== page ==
Comic #2859

1 Caption: ==Mythbusters== Antimatter
2 Jamie: Continuing our testing of myths related to quantum mechanics and modern physics, today we're exploring antimatter.
3 Jamie: According to theory, one gram of antimatter can cause an explosion as large as 43 thousand tons of TNT.
4 Adam: Right. So to test it properly, first we need to establish the baseline!


These ideas came to nothing, except for inspiring a handful of fanciful Victorian notions of antigravity, including one of H. G. Wells' best-known novels: The First Men in the Moon.

The discovery of real antimatter proceeded in a somewhat parallel manner, which illustrates something about how science works. The Victorian-era negative matter version was an idea inspired by analogies drawn from electromagnetic theory. This is a form of discovery that draws on theoretical concepts, and broadly follows a three-step process:

  1. A theory is established which explains some aspect of nature.
  2. Someone speculates that a logical extension of that theory predicts some phenomenon which has never yet been observed.
  3. Experimenters use that prediction to explore previously unconsidered areas, and discover the phenomenon is real. Alternatively, someone working on an experiment closely related to the theory finds a strange result and realises that it fits the prediction.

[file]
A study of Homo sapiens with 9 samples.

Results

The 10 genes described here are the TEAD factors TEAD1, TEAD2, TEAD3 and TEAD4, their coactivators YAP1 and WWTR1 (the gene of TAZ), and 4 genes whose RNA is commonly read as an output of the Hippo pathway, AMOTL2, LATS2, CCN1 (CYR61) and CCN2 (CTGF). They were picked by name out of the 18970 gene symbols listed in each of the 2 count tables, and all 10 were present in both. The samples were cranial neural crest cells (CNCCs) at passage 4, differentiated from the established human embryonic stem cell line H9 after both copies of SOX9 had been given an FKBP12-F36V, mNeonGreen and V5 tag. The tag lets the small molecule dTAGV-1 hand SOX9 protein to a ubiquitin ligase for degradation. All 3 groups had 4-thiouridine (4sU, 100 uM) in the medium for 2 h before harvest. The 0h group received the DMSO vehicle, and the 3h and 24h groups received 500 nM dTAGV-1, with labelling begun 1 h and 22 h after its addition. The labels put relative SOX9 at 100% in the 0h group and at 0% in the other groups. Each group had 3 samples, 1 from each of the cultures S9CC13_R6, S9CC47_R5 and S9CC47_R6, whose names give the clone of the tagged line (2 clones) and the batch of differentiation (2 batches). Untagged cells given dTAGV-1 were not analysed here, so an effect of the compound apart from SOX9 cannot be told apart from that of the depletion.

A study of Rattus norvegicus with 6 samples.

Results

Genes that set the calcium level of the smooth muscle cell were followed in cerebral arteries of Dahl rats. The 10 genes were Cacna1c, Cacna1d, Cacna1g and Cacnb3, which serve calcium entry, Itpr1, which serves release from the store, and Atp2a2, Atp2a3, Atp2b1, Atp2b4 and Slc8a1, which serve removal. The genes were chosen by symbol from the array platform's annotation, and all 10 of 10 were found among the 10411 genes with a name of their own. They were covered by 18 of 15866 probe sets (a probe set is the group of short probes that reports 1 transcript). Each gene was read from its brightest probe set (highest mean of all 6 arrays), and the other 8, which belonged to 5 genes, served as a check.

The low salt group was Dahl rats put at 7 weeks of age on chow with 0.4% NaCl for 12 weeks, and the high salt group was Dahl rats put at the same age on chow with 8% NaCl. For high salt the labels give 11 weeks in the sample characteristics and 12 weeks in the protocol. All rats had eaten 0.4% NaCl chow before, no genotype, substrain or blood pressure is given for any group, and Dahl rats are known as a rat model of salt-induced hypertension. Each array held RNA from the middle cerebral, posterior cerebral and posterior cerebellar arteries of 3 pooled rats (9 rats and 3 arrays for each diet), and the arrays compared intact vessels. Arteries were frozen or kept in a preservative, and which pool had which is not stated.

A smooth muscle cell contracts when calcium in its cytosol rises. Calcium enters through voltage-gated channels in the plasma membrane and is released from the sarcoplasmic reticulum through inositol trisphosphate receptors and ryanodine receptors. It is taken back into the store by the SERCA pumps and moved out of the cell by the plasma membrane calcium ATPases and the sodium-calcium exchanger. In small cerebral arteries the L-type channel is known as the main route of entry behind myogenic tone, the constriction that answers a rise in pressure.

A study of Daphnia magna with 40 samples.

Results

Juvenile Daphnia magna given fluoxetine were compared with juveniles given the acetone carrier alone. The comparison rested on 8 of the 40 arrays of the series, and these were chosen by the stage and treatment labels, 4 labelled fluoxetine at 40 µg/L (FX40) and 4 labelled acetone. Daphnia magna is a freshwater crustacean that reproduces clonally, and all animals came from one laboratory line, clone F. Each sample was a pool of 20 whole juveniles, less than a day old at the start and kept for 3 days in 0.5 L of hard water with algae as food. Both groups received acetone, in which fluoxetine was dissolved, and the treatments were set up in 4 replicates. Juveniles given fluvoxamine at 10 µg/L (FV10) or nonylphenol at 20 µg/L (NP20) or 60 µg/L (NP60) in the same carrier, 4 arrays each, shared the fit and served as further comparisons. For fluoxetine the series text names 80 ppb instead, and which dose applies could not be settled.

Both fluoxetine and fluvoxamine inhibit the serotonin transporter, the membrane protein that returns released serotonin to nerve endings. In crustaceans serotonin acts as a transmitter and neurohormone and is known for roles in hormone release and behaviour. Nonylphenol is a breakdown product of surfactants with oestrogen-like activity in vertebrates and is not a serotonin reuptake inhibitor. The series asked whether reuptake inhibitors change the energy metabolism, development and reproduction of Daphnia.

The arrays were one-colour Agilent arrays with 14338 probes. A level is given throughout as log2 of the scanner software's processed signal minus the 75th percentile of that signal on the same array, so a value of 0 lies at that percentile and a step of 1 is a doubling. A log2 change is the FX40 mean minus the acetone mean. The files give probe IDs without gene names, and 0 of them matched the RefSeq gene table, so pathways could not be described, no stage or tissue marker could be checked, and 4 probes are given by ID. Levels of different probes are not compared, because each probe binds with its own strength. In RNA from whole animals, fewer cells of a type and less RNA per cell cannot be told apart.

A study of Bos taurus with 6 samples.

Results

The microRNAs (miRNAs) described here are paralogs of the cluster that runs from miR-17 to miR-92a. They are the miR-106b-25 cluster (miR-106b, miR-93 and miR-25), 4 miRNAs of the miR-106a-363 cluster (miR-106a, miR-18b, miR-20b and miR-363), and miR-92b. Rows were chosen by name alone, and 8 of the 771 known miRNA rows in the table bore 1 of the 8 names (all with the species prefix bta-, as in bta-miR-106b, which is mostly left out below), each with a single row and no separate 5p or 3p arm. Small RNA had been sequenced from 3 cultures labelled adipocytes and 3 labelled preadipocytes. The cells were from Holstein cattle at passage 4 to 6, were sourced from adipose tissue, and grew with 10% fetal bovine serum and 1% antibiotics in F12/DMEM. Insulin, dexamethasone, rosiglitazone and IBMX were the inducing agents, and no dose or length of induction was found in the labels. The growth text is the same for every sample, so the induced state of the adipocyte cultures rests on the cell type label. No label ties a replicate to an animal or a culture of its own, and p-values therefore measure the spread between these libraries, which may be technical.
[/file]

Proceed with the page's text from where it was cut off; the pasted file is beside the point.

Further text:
Of course not all discoveries are made this way. A lot of them are accidental discoveries made in the course of investigating something completely different. But for the cases of antimatter this is the version that applies. Victorian scientists were looking for ways to understand gravity in terms of James Clerk Maxwell's wildly successful formulation of electromagnetism, and this led them to the idea of negative matter. As it turned out, step 3 of the discovery process never happened, because nature obeys its own laws, not the ones we wish it to.

And so the idea of negative matter was quietly forgotten. Until 1928, when Paul Dirac was working out solutions to Erwin Schrödinger's newly formulated (1926) quantum mechanical wave equation, which describes the energy states of particles. Dirac realised that this new theory also allowed solutions in which there existed particles with properties that made them look like negative versions of established subatomic particles. In particular, he found a solution for an "electron" with the same mass, but opposite electric charge. He called this hypothetical particle an anti-electron. Unlike the negative matter hypotheses, Schrödinger's equation predicted the anti-electron to have the exact same mass and gravitational effect as the normal electron.

Step 3 in this case had to wait a mere four years. Carl David Anderson was working on the closely related field of particle decays in cosmic ray interactions, when he found what appeared to be an electron, but with the opposite electric charge! He realised this was Dirac's predicted anti-electron, and went on to win the 1936 Nobel Prize for his discovery. (Don't feel bad for Dirac and Schrödinger and the hard work they put in though - they shared the Prize in 1933.)